Anecdotes as Antidotes\
I consider myself pretty lucky in that I have a number of really funny friends and relatives. In fact, after most holiday and special gatherings at our home, it's difficult to decide which of them had the best stories, gathered the largest crowd, or got the most laughs! All I know is that when we get together, there's always a lot of "good material" in the room. Over the years, the entertainment has added much not only to our parties, but to our lives. And it has given each of us, whether entertainer or audience, a real appreciation of the value of humor.
I've often wondered whether funny people know they're funny. Do they work at it? If they do, it never looks that way. I think they just see things differently from the rest of us - and then they're able to pass along what they see in a humorous way. Think about the comedians who really make you laugh. Most of their material comes from looking at everyday people, doing everyday things. Maybe we should start spending more time hunting for humor and looking for laughs - starting with ourselves - instead of leaving it to the Jerry Seinfelds and Billy Crystals of the world. Why should we wait for them to make us laugh? Why should it be their job?
Humor is important; it's at the very heart of our humanness. If I remember my high school science, isn't it the ability to smile that separates us from lower species and life forms? Humor can hold an important part not only in our personal and social lives, but in our work lives as well. When used correctly, it can go a long way toward softening, healing, and lightening a lot of moments that would otherwise be very humorless. In fact, a good joke or a funny anecdote at the right time can be the best possible antidote - in even the most poisonous of situations. Dr. Norman Vincent Peale and others have told us that humor can actually heal, and after a lot of research and testing, this now-famous hypothesis has been supported over and over. I know everyone reading this can probably recall at least one funny work situation, where the humor of the moment was shared, and the patient and staff involved all felt a lot better. How wonderful it would be if we all worked on making that kind of thing happen a lot!
There's a whole world of laughs to be had out there if we just learn how to recognize them. And if we make it a point to try, maybe we can all be funny. We might not be Emmy® Award-winning funny, but I'm sure we could get at least a couple of laughs. Art Linkletter used to say "people are funny." And they are. But rather than trying to be stand-up-comic funny, perhaps we could create humor in the workplace by developing a frame of mind, a style, or just an approach to our work that encourages more laughter. Maybe it's a matter of practicing humor while we practice nursing. A humorous little story here; a funny little anecdote there. Who knows how much good it could do? What if we even worked on making "humor" a part of our patient care plans?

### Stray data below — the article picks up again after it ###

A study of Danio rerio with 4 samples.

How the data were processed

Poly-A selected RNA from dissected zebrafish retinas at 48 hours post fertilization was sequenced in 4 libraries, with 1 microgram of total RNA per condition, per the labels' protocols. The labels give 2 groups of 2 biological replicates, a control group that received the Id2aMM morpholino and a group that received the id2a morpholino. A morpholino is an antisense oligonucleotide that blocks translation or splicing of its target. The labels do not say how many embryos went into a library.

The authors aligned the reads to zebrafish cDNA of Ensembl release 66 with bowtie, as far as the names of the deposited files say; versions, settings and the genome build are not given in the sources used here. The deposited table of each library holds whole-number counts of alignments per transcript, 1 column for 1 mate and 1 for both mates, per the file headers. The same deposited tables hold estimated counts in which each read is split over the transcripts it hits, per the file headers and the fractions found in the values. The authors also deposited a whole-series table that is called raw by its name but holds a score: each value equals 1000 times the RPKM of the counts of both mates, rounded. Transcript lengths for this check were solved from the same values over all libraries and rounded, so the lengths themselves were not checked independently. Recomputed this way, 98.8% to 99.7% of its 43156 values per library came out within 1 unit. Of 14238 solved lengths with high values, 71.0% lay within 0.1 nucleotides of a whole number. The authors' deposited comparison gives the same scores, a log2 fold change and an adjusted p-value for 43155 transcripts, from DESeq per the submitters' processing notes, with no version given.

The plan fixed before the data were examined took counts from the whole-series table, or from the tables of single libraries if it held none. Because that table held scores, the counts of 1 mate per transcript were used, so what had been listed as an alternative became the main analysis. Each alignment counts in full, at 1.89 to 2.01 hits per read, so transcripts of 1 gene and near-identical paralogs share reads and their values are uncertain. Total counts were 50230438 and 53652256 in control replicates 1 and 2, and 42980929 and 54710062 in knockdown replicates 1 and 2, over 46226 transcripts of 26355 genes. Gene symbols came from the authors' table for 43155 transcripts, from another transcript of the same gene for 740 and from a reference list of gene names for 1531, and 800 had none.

As nurses we know what antidotes are; we learned all about them in our pharmaco-logy classes. We know what they can do, and how when used at the right time in the right way they can turn things around and save lives. But there are other "antidotes" that can be just as effective as the ones we studied in school. They're not swallowed, injected, or pushed IV - but nurses in all areas of practice can administer them. They might be an understanding smile or a reassuring word at a very busy moment; they might be helping someone see the bright side of things when things seem the darkest, or performing a secret act of kindness that's never recorded on a chart. They can't be looked up in the PDR, they have no bad side effects, patients are never allergic to them, and they won't increase costs or lengths of stay - yet they're some of the best antidotes available on the market. And those funny little anecdotes are among them!